January 13, 2015

A study of nearly four million girls and women identified in nationwide patient registries in Denmark and Sweden found no increased risk of developing MS among nearly 800,000 who received quadrivalent human papillomavirus vaccine (Gardasil®), designed to prevent cervical cancer. Nikolai Madrid Scheller, Dr. Anders Hviid (Statens Serum Institut, Copenhagen) and colleagues in Denmark and Sweden report these findings in JAMA (2015;313[1]:54-61). The study was funded by the Swedish Foundation for Strategic Research, Novo Nordisk Foundation, and The Danish Medical Research Council.

Background: Quadrivalent HPV vaccine (Gardasil®) is designed to prevent certain types of cervical cancer and similar disease in girls and women ages 9 to 26. Cases have been described of people developing demyelinating disease (disorders, including multiple sclerosis, in which nerve-insulating myelin is damaged) following vaccination, leading to concerns about vaccine safety. This study approaches the issue by conducting an epidemiology study using large, nationwide patient registries. This study specifically investigated vaccination with Gardasil because insufficient numbers of patients had received vaccination with another available HPV vaccine called bivalent HPV vaccine (Cervarix®).

The Study: Investigators reviewed data in nationwide patient registries on all Danish girls and women aged 10 to 44 years October 1, 2006, to July 1, 2013, and all Swedish girls and women aged 10 to 44 years from October 1, 2006, until December 31, 2012. They evaluated two outcomes: a diagnosis of MS, and an outcome comprising other demyelinating diseases such as optic neuritis, neuromyelitis optica, transverse myelitis, and acute disseminated encephalomyelitis.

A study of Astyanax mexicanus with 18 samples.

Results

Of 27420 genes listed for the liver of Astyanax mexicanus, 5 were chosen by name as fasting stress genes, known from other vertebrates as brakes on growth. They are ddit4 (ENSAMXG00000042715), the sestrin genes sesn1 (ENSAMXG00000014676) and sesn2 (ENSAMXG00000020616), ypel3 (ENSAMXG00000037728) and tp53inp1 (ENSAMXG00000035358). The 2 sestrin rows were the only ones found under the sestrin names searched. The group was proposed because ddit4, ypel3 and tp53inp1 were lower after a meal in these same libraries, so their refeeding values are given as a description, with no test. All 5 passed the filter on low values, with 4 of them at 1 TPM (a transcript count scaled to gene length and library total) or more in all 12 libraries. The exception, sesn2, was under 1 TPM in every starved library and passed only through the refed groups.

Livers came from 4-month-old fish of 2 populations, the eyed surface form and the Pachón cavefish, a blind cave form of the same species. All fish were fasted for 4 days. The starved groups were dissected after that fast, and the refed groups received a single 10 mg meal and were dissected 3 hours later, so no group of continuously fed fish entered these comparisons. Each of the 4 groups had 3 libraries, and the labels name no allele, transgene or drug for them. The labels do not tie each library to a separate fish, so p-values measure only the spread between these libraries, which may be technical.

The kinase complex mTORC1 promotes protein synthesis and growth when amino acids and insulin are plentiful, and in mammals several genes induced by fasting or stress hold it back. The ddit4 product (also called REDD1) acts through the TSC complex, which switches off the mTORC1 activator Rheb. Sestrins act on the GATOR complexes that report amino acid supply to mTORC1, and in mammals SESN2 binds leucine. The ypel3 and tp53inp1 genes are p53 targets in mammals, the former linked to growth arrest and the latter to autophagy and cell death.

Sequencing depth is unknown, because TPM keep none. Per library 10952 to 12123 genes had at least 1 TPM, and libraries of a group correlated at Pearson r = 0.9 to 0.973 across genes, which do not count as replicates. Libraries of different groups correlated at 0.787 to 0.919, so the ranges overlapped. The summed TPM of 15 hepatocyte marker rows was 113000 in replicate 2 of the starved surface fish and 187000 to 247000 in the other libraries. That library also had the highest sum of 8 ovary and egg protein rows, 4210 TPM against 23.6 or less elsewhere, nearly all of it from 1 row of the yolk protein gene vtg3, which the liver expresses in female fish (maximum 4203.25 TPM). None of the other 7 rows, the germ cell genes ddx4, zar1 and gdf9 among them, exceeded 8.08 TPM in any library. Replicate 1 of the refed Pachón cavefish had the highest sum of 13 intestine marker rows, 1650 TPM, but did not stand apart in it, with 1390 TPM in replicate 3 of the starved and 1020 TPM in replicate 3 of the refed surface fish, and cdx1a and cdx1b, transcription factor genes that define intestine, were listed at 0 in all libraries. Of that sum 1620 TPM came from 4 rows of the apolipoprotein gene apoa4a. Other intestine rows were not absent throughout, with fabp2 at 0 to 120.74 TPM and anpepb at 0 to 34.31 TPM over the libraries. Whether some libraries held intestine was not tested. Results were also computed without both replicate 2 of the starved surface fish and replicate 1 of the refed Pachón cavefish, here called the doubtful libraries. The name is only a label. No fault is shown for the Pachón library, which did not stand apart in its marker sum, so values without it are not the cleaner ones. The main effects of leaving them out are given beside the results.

Of almost four million girls and women, nearly 800,000 received the HPV vaccination. The investigators found no increased risk of MS or other demyelinating diseases following HPV vaccination. 

Comment: This comprehensive study adds important information to our knowledge of vaccine safety in MS. Use of Gardasil should be preceded by a thorough discussion between patient and physician of the possible benefits and risks. Read more about vaccine use and safety in MS.

Gardasil is a registered trademark of Merck Sharp & Dohme Corp.
Cervarix is a registered trademark of the GlaxoSmithKline group of companies.
 

About Multiple Sclerosis

Multiple sclerosis is an unpredictable, often disabling disease of the central nervous system that disrupts the flow of information within the brain, and between the brain and body. Symptoms range from numbness and tingling to blindness and paralysis. The progress, severity and specific symptoms of MS in any one person cannot yet be predicted, but advances in research and treatment are leading to better understanding and moving us closer to a world free of MS. Most people with MS are diagnosed between the ages of 20 and 50, with at least two to three times more women than men being diagnosed with the disease. MS affects more than 2.3 million people worldwide.